If you guessed “underage drinking,” stumble to the head of the class. And all of that doesn’t really even begin to describe all that went down in Damascus, Maryland. Here’s more from local newspaper editor Brian Karem:

The events in the 9400 block of Damascus road on January 4 came after a pizza delivery driver tipped officers about some “young-looking” people drinking. Jumping to conclusions and using questionable methods, Smalley and Durham then took fellow officers on a thrill ride through a private party, ripping apart a home, tasing an accountant, his son and arresting his wife and other son. In the process they put others at risk – including other officers and civilians . . . 

When they were done raiding the home two people had to go to the hospital and many more – according to charging documents – apparently left the scene of the party without being detained.

Last week defense attorneys Rene Sandler, Chris Griffiths and Terrell Roberts challenged the entire raid as a violation of a homeowner’s Fourth Amendment rights. Circuit Court Judge Steve Salant agreed with them and suppressed the evidence gathered in the raid.

He noted the many inconsistencies in statements by officers Smalley and Durham – calling some of them “untrue” and “doubtful”. A 26-year veteran of the police department who attended the Damascus party even contradicted testimony offered by the arresting officers.

Some of this testimony sounded more like bad comedy than serious facts.

Durham and Smalley claimed they could tell a 21-year-old from a 20-year-old who drank too much by sight. How is that possible? Well according to Smalley and Durham, based on their extensive experience busting underage drinkers you can tell because the way a 21-year-old and a 20-year-old acts is “very different,” Durham said. “It’s exaggerated movements,” he told the court. “Hey look at me,” he added as he waved his arms. He also said urinating outdoors is sometimes a giveaway. Loud music and boisterous laughter also adds into the decision process . . .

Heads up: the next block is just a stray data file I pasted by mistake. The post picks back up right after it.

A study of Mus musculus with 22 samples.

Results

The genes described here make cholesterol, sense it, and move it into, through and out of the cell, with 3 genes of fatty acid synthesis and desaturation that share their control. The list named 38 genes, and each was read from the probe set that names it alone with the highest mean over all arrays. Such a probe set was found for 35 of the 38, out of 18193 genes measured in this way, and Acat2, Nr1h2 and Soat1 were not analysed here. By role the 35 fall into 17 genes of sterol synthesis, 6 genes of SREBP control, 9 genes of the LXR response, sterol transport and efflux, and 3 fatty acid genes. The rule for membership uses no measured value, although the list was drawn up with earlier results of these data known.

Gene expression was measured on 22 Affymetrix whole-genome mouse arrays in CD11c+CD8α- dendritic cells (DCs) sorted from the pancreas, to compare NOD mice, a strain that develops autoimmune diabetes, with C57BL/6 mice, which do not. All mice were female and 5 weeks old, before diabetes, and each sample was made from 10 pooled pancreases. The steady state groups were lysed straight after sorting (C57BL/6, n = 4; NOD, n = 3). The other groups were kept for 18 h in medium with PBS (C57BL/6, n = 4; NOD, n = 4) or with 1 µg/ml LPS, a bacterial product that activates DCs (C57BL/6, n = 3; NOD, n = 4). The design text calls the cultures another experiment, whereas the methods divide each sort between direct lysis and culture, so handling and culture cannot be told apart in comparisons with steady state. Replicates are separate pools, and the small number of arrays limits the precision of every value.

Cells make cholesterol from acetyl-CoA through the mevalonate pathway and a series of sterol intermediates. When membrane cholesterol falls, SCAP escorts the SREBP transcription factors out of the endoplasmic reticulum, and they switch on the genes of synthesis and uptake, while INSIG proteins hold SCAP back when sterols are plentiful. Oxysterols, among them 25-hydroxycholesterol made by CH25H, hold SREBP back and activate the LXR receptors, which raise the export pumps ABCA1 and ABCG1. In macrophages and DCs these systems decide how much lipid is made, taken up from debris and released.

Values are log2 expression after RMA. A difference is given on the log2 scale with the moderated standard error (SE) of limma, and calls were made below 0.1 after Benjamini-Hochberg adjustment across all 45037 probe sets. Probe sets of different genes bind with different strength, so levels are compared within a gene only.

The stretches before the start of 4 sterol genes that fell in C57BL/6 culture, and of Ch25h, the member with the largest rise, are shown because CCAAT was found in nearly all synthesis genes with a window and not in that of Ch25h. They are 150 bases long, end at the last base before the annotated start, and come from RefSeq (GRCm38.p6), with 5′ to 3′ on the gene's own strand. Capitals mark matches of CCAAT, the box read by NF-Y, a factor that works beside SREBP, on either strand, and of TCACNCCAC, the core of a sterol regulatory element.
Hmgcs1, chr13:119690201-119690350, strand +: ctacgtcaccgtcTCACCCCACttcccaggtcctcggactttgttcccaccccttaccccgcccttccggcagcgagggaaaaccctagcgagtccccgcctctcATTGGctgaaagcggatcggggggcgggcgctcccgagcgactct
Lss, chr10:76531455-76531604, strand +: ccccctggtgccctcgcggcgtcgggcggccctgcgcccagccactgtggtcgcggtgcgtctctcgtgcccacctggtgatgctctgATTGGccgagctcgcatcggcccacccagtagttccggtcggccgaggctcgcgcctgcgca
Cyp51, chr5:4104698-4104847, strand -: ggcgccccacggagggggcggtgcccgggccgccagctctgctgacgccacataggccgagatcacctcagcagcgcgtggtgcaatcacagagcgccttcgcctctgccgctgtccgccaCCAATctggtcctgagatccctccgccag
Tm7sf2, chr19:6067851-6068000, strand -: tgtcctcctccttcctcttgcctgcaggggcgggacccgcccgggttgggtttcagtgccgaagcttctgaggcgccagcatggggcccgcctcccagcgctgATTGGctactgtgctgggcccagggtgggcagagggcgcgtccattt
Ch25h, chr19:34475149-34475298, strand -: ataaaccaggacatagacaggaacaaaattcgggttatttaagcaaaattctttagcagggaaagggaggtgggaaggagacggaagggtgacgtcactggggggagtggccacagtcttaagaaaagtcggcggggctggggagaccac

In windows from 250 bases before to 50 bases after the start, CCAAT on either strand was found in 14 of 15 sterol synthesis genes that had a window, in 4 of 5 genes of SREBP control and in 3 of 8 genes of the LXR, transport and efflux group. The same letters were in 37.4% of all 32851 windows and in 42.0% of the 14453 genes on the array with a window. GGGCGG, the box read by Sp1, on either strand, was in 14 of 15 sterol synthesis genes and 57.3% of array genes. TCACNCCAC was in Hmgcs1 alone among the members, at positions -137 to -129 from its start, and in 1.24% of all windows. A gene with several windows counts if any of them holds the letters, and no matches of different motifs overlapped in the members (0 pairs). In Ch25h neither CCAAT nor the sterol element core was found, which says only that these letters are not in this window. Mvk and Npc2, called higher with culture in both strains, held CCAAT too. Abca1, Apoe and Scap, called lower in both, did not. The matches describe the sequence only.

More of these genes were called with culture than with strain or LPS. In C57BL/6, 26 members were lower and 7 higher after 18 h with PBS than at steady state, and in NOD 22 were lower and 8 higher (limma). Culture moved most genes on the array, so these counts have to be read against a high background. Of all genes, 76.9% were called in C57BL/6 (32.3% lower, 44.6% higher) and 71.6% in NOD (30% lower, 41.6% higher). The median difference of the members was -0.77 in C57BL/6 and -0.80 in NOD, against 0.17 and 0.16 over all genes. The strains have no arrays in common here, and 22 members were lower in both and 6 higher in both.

When police raided the home in Damascus a few weeks after Christmas this year, the raid made local television, radio and newspapers because of the “near riot”, the number of people involved and the fact Smalley and Durham claimed the homeowners tried to beat the police officers and take their guns.

The judge noted that in the subsequent warrant – issued five hours after the raid – the police didn’t mention the alleged assaults. Because of the inconsistencies in the testimony of the two officers, it is questionable such an assault ever even occurred. Indeed the videotape the police tried so hard to get, and which I’ve seen, shows police dragging the homeowner out of his house, handcuffing him and repeatedly tasing him while he offers little to no resistance.

There is a point at which a police officer’s sworn statements in a case are so ridiculous that you have to start to question his or her credibility in other cases, too. I’d submit that officers Durham and Smalley are well past that line. And not because a drunk 2o-year-old pushed them.